If you have been reading this blog during its two years of existence, you’ll know that I have an abiding respect for P-47s. Not only do I find it an interesting type, but there are dozens of examples with elaborate nose art and we have a superlative kit available in 1:72. That is a great combination for the Profoundly Average Modeller.
Alas, I am currently out of Tamiya P-47s. But I did find a half dozen Academy examples during a recent stash crawl. While not as gloriously incandescent as the Tamiya version, it is a good serviceable modern kit that won’t have you rolling out your inventory of creative invective. The detail is certainly better than the aged Hasegawa version. While I did pause for a moment over the Kora conversion kit for a field-converted two-seat P-47, my plan at present is to give myself some less troublesome builds.
I had recently picked up Xtradecal X72153, a sheet of war-weary P-47 squadron hacks. The rules for these non-combat aircraft are considerably more relaxed than their frontline brethren, so you tend to get all sorts of odd tail and cowl colors along with the usual nose art. Another advantage is that the subject hasn’t gotten that much mainstream attention, so most of the schemes on the sheet were new to me at least.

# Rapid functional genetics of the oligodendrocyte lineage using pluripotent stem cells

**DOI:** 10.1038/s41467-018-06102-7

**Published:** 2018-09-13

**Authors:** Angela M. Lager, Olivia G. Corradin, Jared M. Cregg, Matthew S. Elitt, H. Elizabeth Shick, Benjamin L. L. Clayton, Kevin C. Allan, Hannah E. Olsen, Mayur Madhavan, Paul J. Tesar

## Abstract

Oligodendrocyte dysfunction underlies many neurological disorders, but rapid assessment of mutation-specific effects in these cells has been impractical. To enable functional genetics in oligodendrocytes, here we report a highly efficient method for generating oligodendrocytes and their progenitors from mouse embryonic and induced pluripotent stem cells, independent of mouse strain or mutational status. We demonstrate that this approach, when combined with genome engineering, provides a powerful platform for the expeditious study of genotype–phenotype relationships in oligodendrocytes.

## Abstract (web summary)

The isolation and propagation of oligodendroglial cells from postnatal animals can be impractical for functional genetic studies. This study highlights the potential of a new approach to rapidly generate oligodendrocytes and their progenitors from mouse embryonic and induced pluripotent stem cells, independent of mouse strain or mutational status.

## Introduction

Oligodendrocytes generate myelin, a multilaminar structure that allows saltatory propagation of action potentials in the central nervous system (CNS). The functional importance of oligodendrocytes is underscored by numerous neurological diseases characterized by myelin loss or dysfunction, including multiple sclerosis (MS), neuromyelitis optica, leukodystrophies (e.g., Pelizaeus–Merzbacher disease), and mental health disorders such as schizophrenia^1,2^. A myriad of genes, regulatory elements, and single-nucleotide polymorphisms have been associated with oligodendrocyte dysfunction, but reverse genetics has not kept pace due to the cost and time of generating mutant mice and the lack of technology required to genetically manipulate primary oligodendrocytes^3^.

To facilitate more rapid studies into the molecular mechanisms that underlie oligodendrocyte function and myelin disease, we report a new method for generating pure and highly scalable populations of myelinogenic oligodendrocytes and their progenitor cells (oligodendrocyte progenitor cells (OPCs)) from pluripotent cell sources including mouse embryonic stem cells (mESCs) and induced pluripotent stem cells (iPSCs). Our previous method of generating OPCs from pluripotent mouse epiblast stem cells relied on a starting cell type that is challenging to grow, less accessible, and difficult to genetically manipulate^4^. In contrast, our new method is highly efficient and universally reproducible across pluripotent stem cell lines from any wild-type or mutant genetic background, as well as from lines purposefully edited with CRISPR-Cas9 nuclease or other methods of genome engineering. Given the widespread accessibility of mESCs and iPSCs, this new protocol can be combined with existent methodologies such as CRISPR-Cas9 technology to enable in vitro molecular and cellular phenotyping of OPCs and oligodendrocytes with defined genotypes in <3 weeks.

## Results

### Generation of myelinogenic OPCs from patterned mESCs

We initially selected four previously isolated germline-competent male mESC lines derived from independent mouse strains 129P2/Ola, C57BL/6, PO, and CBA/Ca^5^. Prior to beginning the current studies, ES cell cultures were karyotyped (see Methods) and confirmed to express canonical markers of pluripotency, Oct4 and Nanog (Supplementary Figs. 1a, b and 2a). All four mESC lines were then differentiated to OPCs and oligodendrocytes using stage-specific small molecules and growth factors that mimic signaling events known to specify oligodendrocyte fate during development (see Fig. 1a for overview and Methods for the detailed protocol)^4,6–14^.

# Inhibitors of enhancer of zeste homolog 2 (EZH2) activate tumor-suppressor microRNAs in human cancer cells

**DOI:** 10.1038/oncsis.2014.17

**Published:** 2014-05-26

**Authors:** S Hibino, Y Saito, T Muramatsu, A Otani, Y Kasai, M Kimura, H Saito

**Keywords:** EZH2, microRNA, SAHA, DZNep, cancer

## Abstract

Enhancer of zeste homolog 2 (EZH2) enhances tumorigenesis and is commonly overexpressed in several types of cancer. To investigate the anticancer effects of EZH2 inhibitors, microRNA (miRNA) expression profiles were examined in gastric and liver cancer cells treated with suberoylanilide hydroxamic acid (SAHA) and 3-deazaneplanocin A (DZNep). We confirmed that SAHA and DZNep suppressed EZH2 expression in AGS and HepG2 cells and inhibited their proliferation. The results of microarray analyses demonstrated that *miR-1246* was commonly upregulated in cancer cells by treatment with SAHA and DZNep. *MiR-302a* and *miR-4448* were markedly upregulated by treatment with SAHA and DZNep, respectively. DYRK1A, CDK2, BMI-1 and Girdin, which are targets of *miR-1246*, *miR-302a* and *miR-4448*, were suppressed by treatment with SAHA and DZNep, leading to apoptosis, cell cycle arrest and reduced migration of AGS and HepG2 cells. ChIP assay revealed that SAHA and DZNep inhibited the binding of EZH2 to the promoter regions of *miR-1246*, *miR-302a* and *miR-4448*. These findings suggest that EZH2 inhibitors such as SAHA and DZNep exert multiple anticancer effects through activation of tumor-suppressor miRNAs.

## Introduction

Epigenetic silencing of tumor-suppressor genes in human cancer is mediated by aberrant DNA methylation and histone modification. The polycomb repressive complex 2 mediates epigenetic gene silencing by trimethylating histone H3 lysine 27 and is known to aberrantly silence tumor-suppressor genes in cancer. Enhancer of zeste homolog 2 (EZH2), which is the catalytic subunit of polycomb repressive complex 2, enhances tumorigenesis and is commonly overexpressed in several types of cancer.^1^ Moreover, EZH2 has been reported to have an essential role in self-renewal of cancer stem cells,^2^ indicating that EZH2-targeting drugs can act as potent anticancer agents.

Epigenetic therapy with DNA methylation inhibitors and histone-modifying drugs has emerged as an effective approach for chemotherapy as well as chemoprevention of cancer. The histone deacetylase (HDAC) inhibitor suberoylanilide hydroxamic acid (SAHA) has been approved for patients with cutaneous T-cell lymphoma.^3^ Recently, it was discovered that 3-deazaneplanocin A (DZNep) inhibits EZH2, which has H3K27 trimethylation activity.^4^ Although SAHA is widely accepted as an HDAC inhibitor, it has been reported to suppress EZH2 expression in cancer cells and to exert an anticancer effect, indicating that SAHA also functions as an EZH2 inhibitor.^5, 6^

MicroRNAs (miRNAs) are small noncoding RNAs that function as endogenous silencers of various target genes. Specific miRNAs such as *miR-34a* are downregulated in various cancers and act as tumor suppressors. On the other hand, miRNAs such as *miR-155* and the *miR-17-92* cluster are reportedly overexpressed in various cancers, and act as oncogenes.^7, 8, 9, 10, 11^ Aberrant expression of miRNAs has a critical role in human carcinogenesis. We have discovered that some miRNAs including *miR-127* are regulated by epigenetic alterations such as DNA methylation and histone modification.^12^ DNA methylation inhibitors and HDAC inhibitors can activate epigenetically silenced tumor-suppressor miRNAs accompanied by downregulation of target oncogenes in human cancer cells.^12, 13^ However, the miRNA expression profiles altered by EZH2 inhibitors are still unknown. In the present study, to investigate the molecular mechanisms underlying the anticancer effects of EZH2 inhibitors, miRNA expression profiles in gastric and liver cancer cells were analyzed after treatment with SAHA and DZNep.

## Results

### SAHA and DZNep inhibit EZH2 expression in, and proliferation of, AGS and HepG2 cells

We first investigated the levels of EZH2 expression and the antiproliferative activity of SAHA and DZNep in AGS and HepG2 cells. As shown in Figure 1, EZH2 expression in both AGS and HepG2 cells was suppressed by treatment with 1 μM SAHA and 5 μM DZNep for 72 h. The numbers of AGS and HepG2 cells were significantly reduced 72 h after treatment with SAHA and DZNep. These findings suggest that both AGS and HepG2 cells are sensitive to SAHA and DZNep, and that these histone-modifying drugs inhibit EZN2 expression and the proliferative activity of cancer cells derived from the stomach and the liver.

So I decided to take 3 of the remaining P-47s (two razors and one bubble) and put them into markings from this sheet. I feel like I can practically build a P-47 model in my sleep (some would say that’s how I must build all of my models) so there isn’t much to say about the construction. Fit fine, filler minimal. In fact the only time-consuming thing was masking and painting them, due primarily to all those stripes and cowl colors I mentioned. Today’s example required a red white and blue cowl, along with yellow stripes on both vertical and horizontal tail and wing surfaces.
Since this is the P-47 with the disaster attached I thought I would get it out of the way first. I had just put the nose art onto the cowling (a parrot with a telescope) and had applied some AeroSet. You can see where this is going. When I put the model down to dry for a while I found a glob of melted decal stuck to my thumb. I’ll spare you the details (and the language) but it was a total mess. I eventually decided to consolidate this with another example on the same decal sheet. Instead of a parrot, we have a dog (or maybe a horse; not every squadron artist was Vargas). This now carries the reviled “representative markings”, meaning it doesn’t represent an actual aircraft, but an amalgam of two. Still 5 Emergency Rescue Squadron, still with a red/white/blue cowling, still based at Boxted in the UK, still 1944. Actually, this one was a bit snakebit from the beginning in any case; I managed to overlook the blown canopy – even though I have a Pavla example of this variation in the stash – until after construction was completed. Times like this are when I doubt my resolve to display all completed models on this blog. Bah!
This is completed model #420 (#1 for the year), finished in January of 2013.